In Uncategorized on 03/01/2017 at 16:02

Sounds a wee bit counterintuitive, no? Well, it did to STJ Lewis (“Say It Loud”) Carluzzo in today’s off-the-bencher.

Turns out Section 213 is sufficiently wide to cover the unconventional, but nevertheless deductible, medical expenses of Victoria Malev, Docket No. 1282-16S, filed 3/1/17.

Everybody agrees that Victoria suffers from at least one spinal condition. Chiropractic only helps partially, and, in a diagnosis made three years after the year at issue, her own MD says surgery is at best a “maybe.”

But her MD does recommend “integrative medical care.”

“According to Duke University, ‘Integrative medicine is an approach to care that puts the patient at the center and addresses the full range of physical, emotional, mental, social, spiritual and environmental  influences that affect a person’s health. Employing a personalized strategy that considers the patient’s unique conditions, needs and circumstances, it uses the most appropriate interventions from an array of scientific disciplines to heal illness and disease and help people regain and maintain optimum health.’” Order, at pp. 4-5.

All I can say is that, when I was a patient at Duke University, they didn’t ask about my “emotional, mental, spiritual and environmental influences.” They just operated and saved my life. As Grandma would have said, “Frag nisht.”

But apparently the Duke University idea gets Victoria her deductions, and a Taishoff “Good job” to her attorney Lawrence A. Sannicandro, Esq., of that well-known firm, sometimes herein and elsewhere referred to as The Jersey Boys.

The magic word here is “heal.”

“The word ‘heal’ in the above definition is critical here, as an expense paid by a taxpayer for ‘healing services’ directed towards any structure of the body may be deducted as a medical expense. See sec. 1.213(e), Income Tax regs. That regulation is promulgated under section 213(a), which in relevant part, and subject to various limitations, allows ‘as a deduction the expenses paid during the taxable year, not compensated for by insurance or otherwise, for medical care of the taxpayer.’” Order, at p. 5.

Nothing in Section 213 or the regs require the treatment be supplied only by licensed professionals, or be generally accepted, or be given in person rather than remotely (, anyone?), or even be effective. In fact, STJ Lew has as much to say about what Section 213 and the regs don’t say, as what they do.

“Concerned that conventional treatments for her condition posed too much risk, or were or would be ineffective, Petitioner subscribed to various forms of treatment from four individuals, none of whom would be commonly recognized as a conventional medical caregiver. And to be sure, none of the methods utilized by these individuals would commonly be recognized as a conventional medical treatment. The methods Petitioner subscribed to might be termed ‘alternative medicine’ by the polite, but we expect the less tolerant would characterize the treatments in other than legitimate or complimentary terms.” Order, at p. 6.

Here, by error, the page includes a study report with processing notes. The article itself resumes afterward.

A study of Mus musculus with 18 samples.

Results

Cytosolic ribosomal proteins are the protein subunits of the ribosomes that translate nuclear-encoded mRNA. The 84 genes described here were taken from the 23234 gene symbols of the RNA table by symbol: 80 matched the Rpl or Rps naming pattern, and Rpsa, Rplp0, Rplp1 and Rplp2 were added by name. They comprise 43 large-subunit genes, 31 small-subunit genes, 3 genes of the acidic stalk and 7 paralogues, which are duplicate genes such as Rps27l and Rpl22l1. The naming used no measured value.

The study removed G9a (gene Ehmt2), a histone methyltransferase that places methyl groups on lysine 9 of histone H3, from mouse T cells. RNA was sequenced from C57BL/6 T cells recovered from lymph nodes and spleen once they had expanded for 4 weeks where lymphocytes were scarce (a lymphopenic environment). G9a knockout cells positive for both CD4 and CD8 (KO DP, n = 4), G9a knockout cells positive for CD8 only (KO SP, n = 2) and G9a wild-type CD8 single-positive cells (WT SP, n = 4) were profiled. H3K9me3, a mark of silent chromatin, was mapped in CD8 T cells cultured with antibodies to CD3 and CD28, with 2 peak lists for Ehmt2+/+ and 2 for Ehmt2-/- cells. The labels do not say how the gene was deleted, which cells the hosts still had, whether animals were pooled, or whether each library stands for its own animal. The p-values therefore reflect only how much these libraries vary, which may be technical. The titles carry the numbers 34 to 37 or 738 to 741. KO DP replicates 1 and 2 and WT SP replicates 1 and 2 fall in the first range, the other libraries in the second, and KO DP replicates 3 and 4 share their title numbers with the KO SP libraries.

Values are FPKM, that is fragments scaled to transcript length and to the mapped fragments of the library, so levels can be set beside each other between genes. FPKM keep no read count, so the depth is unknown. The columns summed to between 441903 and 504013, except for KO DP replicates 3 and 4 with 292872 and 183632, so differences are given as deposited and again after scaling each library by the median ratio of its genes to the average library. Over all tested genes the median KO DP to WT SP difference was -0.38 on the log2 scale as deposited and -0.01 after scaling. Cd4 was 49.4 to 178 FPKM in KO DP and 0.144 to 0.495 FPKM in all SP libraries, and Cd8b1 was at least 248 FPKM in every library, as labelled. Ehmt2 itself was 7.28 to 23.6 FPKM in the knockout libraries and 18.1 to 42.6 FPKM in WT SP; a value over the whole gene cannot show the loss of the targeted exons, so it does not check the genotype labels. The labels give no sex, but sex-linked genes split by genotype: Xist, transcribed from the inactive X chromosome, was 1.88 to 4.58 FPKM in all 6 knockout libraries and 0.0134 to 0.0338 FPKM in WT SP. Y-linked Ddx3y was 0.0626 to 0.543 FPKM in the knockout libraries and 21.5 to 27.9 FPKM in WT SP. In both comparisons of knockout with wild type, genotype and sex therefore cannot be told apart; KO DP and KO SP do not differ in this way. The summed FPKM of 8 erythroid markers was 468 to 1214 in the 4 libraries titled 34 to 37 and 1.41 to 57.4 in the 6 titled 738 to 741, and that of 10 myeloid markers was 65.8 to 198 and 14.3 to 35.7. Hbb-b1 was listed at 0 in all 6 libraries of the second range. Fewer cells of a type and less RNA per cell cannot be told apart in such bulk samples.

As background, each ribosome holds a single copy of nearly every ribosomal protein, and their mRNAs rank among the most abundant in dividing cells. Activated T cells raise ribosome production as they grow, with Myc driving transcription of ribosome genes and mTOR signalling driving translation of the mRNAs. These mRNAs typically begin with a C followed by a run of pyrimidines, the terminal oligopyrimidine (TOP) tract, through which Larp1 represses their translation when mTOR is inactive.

It would have helped Victoria had she gotten the diagnosis before the treatment. It seems to undermine her case that she needed to seek out her own MD if the alternative treatments did the job. And I note the diagnosis post-dated the SNOD here.

“In reaching our conclusion we consider: (1) the literal language of section 213 and its underlying regulation, which speak in broad terms; (2) Petitioner’s sincere belief that the expenses she paid for the treatments she received were directed to cure or mitigate the symptoms of her spinal disease; (3) the expenses incurred by Petitioner for the treatments she received were not of the type that an individual would routinely incur for non-medical reasons; (4) nothing in the record suggests that the relationship between Petitioner and any of the four individuals whom she paid for the services was other than professional; and (5) this Court’s recognition that expenses paid for ‘alternative medical’ treatments can be deducted as a medical expense under section 213. See Dickie v. Commissioner, T.C. Memo. 1999-138; Crain v. Commissioner, T.C. Memo 1986-138; Tso v. Commissioner, T.C. Memo 1980-399.

“Taking all of the above into account, along with the evidence introduced at trial but not referenced in this bench opinion, we find that Petitioner is entitled to the medical expense deduction claimed….” Order, at p. 8.

So, even though STJ Lew is dubious, to say the least, about the actual efficacy of Victoria’s treatment, not to say the probative value of the post-treatment diagnosis by her own MD, the deduction stands.

Lest the Jersey Boys trot out their Section 7430 fees-and-admins motion, STJ Lew has a curb for their enthusiasm.

“…in closing we think it appropriate to note that we fully appreciate the position taken by Respondent in this case, and consider that position to be more than justified.” Order, at pp. 8-9.

Remember David Seville’s 1958 hit song, which featured the words “ting tang walla walla bing bang.”

And see my blogpost “Not Parsley, Sage, Rosemary and Thyme,” 8/28/13.